Through funding made available by the U.S. Department of Energy, Alden conducted a series of studies to evaluate and optimize the design and operation of two modular and scalable bypass systems developed specifically to provide safe downstream passage of silver American Eels at hydropower projects. The goal of the studies was to address the need for biologically effective and less expensive downstream passage technologies for silver eels. The studies were developed specifically for this fish species and life stage due to population declines in many areas of its range and the potential for mortality to occur if eels migrating to the marine environment to spawn are entrained through hydro turbines during their journey to the sea. The large size and unique behaviors of silver eels have made it difficult for dam owners to implement downstream passage measures that are both biologically and cost effective, resulting in a need for new innovative technologies.

The studies conducted by Alden included a laboratory evaluation of the biological performance of the two bypass systems, a field evaluation of biological performance conducted with full-scale bypass systems installed at the intake of a small hydro project in New Hampshire, CFD modeling of the laboratory flume and field evaluation site, and a desktop assessment of the potential for application of each technology at hydro projects within the known range of American Eel and the expected benefits (i.e., biological and economic). Few organizations have the capabilities to conduct this array of technical studies, but Alden’s scientists and engineers have been using various combinations of these approaches and methods to develop and evaluate state-of-the-art fish passage and protection systems for nearly 50 years.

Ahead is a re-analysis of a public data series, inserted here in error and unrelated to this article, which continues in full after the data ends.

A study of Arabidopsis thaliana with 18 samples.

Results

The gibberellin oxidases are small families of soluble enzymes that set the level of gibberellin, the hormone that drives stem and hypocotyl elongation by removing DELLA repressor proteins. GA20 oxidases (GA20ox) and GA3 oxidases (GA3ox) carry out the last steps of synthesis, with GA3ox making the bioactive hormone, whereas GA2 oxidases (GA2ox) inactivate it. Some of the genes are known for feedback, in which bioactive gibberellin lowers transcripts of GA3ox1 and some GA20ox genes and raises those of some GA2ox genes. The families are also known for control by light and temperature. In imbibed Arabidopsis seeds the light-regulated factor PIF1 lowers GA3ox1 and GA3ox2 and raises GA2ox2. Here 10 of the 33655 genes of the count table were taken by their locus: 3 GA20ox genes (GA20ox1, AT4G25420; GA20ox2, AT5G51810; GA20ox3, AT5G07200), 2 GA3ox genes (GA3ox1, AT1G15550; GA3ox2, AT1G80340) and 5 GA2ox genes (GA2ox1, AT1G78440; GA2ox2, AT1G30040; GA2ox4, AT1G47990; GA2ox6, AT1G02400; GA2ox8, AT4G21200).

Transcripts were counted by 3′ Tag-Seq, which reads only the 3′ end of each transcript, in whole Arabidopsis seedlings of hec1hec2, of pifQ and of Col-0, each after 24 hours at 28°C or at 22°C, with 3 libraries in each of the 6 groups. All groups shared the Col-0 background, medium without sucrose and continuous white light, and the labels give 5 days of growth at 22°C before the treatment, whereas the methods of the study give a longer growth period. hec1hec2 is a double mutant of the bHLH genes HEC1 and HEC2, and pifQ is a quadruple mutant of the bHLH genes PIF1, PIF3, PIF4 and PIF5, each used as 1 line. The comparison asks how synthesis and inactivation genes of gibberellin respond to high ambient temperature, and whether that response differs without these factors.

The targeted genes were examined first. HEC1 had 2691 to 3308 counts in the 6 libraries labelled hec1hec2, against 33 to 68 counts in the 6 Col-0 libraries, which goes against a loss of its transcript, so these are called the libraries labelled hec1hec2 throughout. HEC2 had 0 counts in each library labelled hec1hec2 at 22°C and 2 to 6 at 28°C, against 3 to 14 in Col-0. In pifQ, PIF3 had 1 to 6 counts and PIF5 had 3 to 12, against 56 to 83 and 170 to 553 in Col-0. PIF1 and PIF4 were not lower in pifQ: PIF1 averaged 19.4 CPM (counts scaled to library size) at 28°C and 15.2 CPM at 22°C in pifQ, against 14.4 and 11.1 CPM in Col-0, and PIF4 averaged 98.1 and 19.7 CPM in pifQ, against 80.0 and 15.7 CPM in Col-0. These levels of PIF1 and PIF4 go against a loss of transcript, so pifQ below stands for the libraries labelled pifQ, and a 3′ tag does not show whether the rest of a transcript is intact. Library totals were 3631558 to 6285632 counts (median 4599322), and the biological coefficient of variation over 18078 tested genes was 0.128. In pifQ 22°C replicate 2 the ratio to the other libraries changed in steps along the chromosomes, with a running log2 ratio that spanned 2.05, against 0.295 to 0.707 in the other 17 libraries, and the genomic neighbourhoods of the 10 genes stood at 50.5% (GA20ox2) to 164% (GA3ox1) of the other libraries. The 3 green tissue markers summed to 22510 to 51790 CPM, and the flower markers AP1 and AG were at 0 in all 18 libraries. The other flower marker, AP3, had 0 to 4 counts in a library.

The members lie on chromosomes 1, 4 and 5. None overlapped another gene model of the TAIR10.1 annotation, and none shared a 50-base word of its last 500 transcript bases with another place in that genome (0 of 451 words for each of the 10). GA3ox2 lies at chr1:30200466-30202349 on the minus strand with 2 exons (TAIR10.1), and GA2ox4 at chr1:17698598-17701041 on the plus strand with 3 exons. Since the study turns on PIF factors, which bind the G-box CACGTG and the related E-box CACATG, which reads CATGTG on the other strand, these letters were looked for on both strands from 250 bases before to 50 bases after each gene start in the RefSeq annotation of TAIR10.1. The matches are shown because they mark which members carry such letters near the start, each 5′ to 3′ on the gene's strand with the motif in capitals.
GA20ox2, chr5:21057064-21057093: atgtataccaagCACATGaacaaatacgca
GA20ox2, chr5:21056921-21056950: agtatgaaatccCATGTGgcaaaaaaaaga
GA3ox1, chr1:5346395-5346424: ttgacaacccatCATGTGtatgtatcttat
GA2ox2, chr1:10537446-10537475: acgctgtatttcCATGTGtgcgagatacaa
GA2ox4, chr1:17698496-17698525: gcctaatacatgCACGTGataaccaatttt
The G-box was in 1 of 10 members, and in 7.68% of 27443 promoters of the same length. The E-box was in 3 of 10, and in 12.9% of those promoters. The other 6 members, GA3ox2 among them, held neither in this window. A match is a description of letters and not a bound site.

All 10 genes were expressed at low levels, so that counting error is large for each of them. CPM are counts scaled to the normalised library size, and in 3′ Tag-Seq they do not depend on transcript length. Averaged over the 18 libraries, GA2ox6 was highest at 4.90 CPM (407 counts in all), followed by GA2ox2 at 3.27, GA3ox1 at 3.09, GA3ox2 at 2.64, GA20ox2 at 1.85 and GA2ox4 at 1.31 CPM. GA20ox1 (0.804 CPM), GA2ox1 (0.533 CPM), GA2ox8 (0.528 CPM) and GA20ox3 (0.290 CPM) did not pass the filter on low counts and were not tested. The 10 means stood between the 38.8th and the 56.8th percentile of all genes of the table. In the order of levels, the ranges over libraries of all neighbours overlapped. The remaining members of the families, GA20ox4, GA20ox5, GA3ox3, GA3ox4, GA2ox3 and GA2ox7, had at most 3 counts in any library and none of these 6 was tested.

Assistance with the performance and completion of these studies was provided by Lakeside Engineering (bypass design and installation) and Blue Leaf Environmental (DIDSON acoustic camera and 3D acoustic telemetry services).

Evaluation of bypass performance with silver eels happened in both controlled laboratory settings and at a small hydro project to determine the bypass efficiency and behavioral responses, so as to optimize design and operation of the bypass systems.